Colombians voted Sunday to give President Juan Manuel Santos four more years to clinch his signature project — a peace deal with the nation’s guerrillas that might end a half century of civil conflict.
With 99 percent of the vote counted, Santos had won 51 percent to 45 percent for former Finance Minister Óscar Iván Zuluaga.
Months of whiplash polls and bitter recriminations boiled down to a difference of about 900,000 ballots in a race that was largely seen as a referendum on the ongoing peace talks in Havana with the Revolutionary Armed Forces of Colombia (FARC).
After he plowed through a crowd of supporters and white-clad children waving cutouts of doves, Santos said he was determined to clinch a peace deal.
“This is the end of more than 50 years of violence in our country and the beginning of a new Colombia with more freedom and social justice,” said Santos, 62. “It’s a Colombia that will be at peace with itself.”
Santos upset Zuluaga, 54, who had won the May 25 first-round election by three points and had been leading in some polls before Sunday’s balloting.
In his concession speech, Zuluaga accepted the results but said he had battled a candidate who had “all the machinery of the state” in his favor. He also called on the administration to listen to the almost 7 million people who voted against it.
“We’ve waged a battle full of ideas, proposals and dreams for Colombia,” he said. We “demand a voice in creating the policies around a negotiated peace.”
Zuluaga became a contender on the back of popular former President Álvaro Uribe, who led the country from 2002 to 2010, and has become a harsh critic of Santos.
On Sunday, shortly after he voted, Uribe said the election was tinged with “sadness” because the FARC and criminal gangs had been “threatening to massacre Zuluaga’s voters” and forcing people at gunpoint to vote for Santos.
Observers did not echo those allegations. And the Ministry of Defense and other officials said the election was largely peaceful. The only report of election violence emerged from the northern state of Chocó, where National Liberation Army (ELN) guerrillas burned two vehicles and intimidated voters. There were also reports of at least 141 voting irregularities.
Santos staked his reelection on being the only candidate who could guarantee the continuity of peace talks with the FARC, which began in late 2012. Last week, he doubled down by announcing that the ELN rebel group — the country’s second-largest — might also seek an agreement.
Zuluaga, however, tapped into national unease about what might be lost at the bargaining table. He accused Santos of making too many concessions, and he demanded that the FARC cease all hostilities as preconditions for the talks to continue.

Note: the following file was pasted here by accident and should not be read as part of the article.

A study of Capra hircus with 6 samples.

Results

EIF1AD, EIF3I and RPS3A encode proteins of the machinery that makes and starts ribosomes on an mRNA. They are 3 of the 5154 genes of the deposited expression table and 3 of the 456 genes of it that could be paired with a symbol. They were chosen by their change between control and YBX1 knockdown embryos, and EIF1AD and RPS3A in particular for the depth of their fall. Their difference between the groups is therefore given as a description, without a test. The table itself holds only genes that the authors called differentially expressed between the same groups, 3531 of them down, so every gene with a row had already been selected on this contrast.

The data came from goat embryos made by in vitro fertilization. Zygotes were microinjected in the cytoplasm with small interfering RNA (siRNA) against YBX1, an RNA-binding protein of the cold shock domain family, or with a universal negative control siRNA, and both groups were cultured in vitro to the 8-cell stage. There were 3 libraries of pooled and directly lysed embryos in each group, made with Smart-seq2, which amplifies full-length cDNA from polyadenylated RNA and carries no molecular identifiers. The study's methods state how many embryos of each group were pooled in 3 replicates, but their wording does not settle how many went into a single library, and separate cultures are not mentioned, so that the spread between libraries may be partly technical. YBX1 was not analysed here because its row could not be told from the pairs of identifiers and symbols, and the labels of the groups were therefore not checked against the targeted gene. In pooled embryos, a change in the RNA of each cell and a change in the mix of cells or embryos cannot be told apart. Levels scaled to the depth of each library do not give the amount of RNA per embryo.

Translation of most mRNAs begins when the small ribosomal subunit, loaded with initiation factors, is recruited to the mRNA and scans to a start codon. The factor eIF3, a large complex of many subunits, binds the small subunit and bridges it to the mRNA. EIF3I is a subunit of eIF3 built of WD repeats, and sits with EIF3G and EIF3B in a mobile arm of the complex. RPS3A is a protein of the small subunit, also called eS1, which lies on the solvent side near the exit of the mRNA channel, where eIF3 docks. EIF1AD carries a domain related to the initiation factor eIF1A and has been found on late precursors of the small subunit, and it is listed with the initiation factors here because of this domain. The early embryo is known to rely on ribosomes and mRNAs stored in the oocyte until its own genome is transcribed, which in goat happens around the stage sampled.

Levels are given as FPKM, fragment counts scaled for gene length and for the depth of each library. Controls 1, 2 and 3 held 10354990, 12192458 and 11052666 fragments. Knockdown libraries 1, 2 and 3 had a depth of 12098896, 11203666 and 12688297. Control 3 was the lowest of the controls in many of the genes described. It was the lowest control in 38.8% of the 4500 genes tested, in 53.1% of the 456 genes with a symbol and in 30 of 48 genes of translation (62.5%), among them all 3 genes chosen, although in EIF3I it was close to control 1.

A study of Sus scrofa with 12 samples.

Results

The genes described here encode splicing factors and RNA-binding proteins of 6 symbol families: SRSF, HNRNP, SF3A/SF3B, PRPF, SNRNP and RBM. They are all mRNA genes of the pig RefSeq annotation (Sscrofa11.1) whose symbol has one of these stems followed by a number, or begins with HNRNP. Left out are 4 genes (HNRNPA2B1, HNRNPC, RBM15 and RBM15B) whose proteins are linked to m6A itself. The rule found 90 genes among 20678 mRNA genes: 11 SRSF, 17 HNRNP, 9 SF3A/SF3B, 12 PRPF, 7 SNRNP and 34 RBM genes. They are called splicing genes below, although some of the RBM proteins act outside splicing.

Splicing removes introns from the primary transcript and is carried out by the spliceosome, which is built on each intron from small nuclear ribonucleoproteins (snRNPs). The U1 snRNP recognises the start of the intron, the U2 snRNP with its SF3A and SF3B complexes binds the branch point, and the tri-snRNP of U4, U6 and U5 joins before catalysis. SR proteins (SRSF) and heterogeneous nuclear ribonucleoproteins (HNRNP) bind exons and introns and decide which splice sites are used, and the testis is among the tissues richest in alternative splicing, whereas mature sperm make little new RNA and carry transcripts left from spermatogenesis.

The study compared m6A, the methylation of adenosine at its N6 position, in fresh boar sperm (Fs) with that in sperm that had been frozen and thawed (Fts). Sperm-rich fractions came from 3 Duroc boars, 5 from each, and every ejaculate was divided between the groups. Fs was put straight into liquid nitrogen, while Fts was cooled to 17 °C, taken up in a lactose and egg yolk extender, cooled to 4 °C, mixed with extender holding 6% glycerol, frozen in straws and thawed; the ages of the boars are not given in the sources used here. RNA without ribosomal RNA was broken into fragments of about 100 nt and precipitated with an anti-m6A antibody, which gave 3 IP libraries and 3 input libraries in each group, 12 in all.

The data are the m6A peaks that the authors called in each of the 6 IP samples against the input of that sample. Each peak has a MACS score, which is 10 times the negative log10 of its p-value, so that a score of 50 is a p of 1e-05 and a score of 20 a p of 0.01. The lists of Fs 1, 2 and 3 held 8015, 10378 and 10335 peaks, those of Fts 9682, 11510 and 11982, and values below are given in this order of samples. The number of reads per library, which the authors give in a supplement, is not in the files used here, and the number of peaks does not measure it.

As Zuluaga insisted that he wanted “peace with conditions,” Santos accused him of being a warmonger willing to scuttle the talks.
In the end, Santos’ narrative seems to have won.
“I didn’t vote for Santos because I like him,” said Aura Cecilia Páez, a 45-year-old schoolteacher in Bogotá. “This was a vote for either war or peace, and we’re all tired of war.”
Jaime Lima, a 43-year-old Bogotá jeweler, also said he was a reluctant Santos voter.
“I would rather have a flawed peace process than a perfect war,” he explained.
In the United States, home to 183,000 registered Colombian voters, Zuluaga’s message rang loud. He won 76 percent of the vote to Santos’ 22 percent — albeit with a low turnout.
While Sunday was a vote of confidence for the peace process, Santos may not have smooth sailing during the next four years, warned Maria Luisa Palomino, an analyst with the Eurasia Group. As his government seeks legislation that will give the peace talks shape, “he will face a hostile Congress” and the opposition led by Uribe, who recently won a senatorial seat, she said.
A final peace deal will also require approval in a national referendum, where Uribe, Zuluaga and their Centro Democrático party might try to derail it.
On Sunday, Santos asked for his rivals’ support.
“We’ve heard your message,” he said. “This will not be peace with impunity — this will be peace with justice.”
Santos will also enter his second term burdened with election promises. As his candidacy seemed to falter, he offered jobs, free homes and made allies with a wide range of unions, leftist movements and progressive political parties that are likely to demand rewards.
In many ways, Uribe was a central figure in Sunday’s vote. Santos had served as his defense minister, and Uribe firmly backed his candidacy in 2010. But as Santos renewed ties with Venezuela and began exploring a negotiated peace deal, Uribe became his biggest critic — founding a separate political party and promoting Zuluaga to challenge Santos.
The election brings stability to one of the United States’ staunchest regional allies. The U.S. has pumped almost $9 billion in military aid into Colombia since 2000, helping break the back of guerrilla violence.
But the White House has also praised the peace process with the guerrillas, which both nations consider a terrorist organization.
The vote is also likely to calm Colombia’s neighbors. Zuluaga had said he would take a much more combative stance against violations of free speech and human rights in Venezuela and Ecuador. Since taking office in 2010, Santos has mended ties with those countries, even as he was criticized for turning a blind eye to abuse.
Despite the white-knuckle nature of Sunday’s race, less than half of eligible voters cast a ballot. Nationally, about 48 percent of Colombia’s 33 million voters went to the polls.
John Zapata, 38, of Bogotá decided to take his family to church instead of vote. He said he was tired of the mudslinging, and didn’t believe in either candidate.
“They’re both the same,” he said. “So it doesn’t really matter who wins.”